While many banks nationwide are reporting record earnings for 1997, Fidelity National Corp. is just happy to be in the black.

The Atlanta-based bank reported net income of $646,000 for 1997, after a net loss of $5.7 million in 1996.

"This was a turnaround year for us," said Larry D. Peterson, president and chief executive officer of the $657 million-asset bank. "We are happy we are profitable, but we know it is not the level of profits our shareholders expect."

The loss in 1996 stemmed from unexpectedly high credit card chargeoffs during the third and fourth quarters, the bank said. Those chargeoffs caused Fidelity to raise its provision for loan losses to $25.1 million that year, from $8 million in 1995.

Before 1996, Fidelity was growing at a healthy pace. The bank had $525 million of assets at yearend 1995, up from $238 million at the end of 1991.

The growth stopped when the credit card problems hit. The bank has still not opened three of six branches it bought from NationsBank Corp. and First Union in 1996. Mr. Peterson, who has been with Fidelity only since September, said the branches have sat dormant for more than a year because the bank could not get regulatory approval to open them.

Regulators did not impose cease-and-desist orders on Fidelity, but they did map out goals. Mr. Peterson said the bank has met those goals, which included keeping a level of capital 100 basis points higher than the minimum a bank needs to be classified as well-capitalized.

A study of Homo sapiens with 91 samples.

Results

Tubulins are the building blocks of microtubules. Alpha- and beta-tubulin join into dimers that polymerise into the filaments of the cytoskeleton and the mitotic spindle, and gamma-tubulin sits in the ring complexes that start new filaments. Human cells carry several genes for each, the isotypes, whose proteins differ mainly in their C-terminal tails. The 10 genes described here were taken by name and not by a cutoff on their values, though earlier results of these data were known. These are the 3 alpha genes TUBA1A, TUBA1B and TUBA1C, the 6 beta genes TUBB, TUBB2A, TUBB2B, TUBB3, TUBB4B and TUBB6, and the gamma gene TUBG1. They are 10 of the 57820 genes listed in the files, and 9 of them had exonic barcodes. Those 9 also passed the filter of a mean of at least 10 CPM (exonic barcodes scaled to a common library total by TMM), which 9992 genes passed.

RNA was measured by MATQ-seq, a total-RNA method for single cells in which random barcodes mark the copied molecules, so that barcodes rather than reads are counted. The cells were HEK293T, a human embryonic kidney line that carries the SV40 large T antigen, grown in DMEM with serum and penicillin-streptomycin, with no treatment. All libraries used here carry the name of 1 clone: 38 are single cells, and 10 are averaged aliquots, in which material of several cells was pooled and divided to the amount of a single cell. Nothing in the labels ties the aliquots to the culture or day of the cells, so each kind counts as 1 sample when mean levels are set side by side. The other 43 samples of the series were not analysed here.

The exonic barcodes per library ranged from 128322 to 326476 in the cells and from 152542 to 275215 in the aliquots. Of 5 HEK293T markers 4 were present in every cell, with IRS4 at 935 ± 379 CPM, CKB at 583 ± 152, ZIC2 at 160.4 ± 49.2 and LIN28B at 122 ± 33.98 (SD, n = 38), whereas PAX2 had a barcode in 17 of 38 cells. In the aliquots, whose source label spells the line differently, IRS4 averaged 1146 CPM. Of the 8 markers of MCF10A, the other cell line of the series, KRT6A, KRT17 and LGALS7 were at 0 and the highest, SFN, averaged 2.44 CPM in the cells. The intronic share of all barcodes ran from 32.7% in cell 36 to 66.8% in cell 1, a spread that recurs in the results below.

Fidelity has gotten back on track thanks in large part to a stock offering of more than 3.4 million shares that was completed in December. The bank raised about $25 million from the sale.

Analysts say the bank is now poised to be a good performer.

"Once you stop the pain, you begin to feel pretty good," said Richard X. Bove, senior vice president at Raymond James & Associates of Saint Petersburg, Fla. "They have gotten control of the losses from their credit card program. They are now a well-capitalized bank, and stand to benefit from that position."

Fidelity's loan loss provision for 1997 dropped 43%, to $14.4 million. With its capital level up and its credit card losses falling, Fidelity should be able to open its three vacant branches, Mr. Bove said, and hold on to loans it otherwise would sell.